Knowledge for better food systems

Science-based GHG emissions targets for agriculture and forestry commodities

This report details the methodology used to create a new online tool which can help companies set science-based emission targets and incorporate land-use change into their mitigation strategies. It is part of the Science Based Targets initiative run by the Carbon Disclosure Project (CDP) CDP, UN Global Compact, the World Resources Institute (WRI) and World Wildlife Fund (WWF).

It focuses on ten commodities which, based on the share of GHG emissions and global volumes traded, represent over 50% of global GHG emissions of the agriculture and forestry sectors. They include ten commodities including beef, dairy, soybeans, palm oil, rice and maize.

The authors propose that by applying the new methodology in concert with taking robust climate actions, companies can gain multiple benefits as follows:

  • Increase credibility of climate targets, get recognition and exposure by NGO;
  • Demonstrate leadership and build on a green reputation to increase stakeholder value and attract excellent talents;
  • Outperform sector peers in benchmarks, increase rating scores and attractiveness for investors;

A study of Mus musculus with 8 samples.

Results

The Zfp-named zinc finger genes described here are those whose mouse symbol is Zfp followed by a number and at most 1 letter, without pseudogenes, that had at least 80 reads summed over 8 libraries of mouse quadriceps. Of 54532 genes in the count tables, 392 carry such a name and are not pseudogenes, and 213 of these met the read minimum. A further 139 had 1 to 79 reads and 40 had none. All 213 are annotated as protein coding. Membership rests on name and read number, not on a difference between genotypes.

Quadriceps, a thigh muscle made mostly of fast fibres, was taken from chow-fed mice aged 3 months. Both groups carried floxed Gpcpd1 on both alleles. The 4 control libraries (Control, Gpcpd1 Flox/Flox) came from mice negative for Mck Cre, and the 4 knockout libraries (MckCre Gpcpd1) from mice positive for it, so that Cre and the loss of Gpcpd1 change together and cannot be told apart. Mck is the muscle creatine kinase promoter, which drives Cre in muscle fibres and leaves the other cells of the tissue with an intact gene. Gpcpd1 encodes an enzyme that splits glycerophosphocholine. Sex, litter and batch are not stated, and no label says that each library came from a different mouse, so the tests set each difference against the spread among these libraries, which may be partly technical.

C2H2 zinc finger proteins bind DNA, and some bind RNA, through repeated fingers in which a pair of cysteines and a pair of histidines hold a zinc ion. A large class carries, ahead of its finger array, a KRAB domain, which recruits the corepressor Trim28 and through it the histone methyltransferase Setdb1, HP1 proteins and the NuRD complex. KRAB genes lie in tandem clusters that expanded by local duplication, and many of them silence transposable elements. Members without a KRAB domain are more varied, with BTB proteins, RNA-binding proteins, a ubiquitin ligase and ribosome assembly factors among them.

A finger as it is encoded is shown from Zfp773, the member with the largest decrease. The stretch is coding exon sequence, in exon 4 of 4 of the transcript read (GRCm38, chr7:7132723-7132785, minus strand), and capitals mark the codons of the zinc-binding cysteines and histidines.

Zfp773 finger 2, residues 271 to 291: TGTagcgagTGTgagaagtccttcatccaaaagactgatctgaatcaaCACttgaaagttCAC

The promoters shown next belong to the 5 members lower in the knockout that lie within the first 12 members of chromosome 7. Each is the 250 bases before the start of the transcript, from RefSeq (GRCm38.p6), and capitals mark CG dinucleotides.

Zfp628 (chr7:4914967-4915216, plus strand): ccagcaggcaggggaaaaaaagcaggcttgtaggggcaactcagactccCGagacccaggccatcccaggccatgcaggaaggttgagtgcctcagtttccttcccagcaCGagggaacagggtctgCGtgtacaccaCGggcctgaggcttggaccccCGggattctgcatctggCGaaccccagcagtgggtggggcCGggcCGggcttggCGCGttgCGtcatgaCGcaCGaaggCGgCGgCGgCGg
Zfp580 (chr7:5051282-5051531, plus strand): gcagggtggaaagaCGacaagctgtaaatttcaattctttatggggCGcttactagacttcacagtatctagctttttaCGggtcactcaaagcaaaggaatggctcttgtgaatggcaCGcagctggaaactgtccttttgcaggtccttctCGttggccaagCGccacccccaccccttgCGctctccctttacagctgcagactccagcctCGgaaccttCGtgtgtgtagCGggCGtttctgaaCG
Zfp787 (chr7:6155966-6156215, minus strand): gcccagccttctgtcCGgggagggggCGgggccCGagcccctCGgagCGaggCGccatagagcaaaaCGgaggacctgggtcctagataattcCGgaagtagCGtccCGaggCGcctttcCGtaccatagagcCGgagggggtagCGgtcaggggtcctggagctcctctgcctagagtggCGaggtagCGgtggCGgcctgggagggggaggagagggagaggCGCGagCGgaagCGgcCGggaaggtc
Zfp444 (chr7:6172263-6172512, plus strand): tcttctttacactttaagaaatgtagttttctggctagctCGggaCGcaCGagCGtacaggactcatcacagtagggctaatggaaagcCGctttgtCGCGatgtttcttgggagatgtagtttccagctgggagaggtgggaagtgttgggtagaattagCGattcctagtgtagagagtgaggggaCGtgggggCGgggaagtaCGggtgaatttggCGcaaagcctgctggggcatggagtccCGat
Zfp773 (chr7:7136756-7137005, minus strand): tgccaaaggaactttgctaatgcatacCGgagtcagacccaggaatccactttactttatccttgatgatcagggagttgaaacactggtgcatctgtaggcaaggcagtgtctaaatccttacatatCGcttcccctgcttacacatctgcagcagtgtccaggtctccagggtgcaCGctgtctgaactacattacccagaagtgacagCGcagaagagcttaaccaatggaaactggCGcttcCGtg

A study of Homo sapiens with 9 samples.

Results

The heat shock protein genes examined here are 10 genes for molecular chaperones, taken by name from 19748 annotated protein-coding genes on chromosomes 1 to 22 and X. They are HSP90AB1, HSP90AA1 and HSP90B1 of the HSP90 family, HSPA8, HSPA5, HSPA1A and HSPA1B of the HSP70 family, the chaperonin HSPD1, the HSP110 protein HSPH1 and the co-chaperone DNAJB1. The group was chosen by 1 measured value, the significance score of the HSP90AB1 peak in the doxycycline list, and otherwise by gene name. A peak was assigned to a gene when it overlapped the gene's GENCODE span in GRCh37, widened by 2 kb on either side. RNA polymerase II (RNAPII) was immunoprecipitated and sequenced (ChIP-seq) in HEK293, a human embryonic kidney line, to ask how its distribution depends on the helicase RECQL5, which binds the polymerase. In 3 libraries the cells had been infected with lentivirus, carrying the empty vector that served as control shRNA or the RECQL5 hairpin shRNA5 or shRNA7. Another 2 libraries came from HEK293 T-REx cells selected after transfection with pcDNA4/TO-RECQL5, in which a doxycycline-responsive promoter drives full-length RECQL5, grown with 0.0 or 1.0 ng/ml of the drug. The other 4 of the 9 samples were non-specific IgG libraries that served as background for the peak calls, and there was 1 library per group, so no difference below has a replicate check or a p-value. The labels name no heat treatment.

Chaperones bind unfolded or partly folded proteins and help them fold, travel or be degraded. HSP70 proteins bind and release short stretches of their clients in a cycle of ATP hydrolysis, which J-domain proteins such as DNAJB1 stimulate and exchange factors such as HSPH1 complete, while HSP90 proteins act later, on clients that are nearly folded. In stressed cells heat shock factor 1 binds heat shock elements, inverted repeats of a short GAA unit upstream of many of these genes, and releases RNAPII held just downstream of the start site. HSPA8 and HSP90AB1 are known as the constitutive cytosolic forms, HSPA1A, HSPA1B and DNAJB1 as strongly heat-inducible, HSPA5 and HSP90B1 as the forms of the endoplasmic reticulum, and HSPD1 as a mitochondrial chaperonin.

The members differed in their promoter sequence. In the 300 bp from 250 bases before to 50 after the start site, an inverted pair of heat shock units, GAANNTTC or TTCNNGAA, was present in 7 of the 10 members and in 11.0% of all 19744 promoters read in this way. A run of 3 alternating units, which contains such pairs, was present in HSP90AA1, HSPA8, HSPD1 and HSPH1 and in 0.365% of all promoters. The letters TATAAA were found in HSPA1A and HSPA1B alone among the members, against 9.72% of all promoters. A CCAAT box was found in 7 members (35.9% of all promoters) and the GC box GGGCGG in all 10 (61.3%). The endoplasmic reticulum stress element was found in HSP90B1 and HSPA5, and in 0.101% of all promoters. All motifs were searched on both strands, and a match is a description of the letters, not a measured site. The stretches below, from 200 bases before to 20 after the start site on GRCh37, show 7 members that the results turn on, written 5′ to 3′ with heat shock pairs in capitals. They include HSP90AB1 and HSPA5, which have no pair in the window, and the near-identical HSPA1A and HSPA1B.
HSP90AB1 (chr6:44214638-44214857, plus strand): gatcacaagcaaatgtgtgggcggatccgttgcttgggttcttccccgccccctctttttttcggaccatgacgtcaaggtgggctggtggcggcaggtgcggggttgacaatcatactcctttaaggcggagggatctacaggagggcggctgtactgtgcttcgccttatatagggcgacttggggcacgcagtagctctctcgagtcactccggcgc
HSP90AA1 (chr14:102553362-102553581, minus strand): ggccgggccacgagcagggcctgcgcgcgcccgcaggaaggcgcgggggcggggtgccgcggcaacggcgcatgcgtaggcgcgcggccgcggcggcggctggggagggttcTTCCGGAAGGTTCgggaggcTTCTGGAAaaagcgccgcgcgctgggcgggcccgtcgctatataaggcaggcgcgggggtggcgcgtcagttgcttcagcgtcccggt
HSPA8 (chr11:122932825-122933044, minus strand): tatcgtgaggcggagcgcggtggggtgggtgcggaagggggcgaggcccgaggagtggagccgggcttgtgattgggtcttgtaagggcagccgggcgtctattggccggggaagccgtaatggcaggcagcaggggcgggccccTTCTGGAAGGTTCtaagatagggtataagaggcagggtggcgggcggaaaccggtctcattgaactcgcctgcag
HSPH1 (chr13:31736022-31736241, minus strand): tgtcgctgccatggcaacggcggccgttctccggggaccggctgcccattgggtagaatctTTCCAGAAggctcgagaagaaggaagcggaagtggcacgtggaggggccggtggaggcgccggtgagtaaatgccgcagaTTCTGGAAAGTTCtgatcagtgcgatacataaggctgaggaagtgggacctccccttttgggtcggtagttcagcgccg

• Get long-term guidance to steer investments, drive innovation and transform agribusiness practices;
  • Save money and increase competitiveness by gaining insight in company performance and improvement potential;
  • Gain insight in the required transformation of the Agriculture, Forestry and Other Land-Use sector and position themselves for upcoming policy regulations.

The report clarifies a way to measure, monitor and track progress in reducing GHG emissions of these key agricultural commodities. It also outlines various actions which can mitigate GHG emissions and eliminate land-use change effects.

An additional point made in the report is that emissions from land use change are rarely accounted for in LCAs and that, since there is no standard calculation method, the choice of method determines, to a large extent, the value of the emission estimates for land-use change CO2 emissions for each commodity. This is visualised in the figures below (note also the low level of emissions per kg of product for palm oil compared to other crops).

Emission factors in kg CO2/kg product for land use change related emissions (with a ‘Foregone Sequestration’ method):

Figure 1 and 2: Worldwide emission factors in this study (blue bars) per commodity compared to references (coloured dots) and the range in values from other methods tested in this project with IMAGE (error bars).


You can find the full report here.


Smith, P., Nayak, D.R., Linthorst, G., Peters, D., Bucquet, C., van Vuuren, D.P., Stehfest, E., Harmsen, M., & van den Brink, L. 2016. Science-based GHG emissions targets for agriculture and forestry commodities. Final report to KR Foundation, October 2016, 86pp.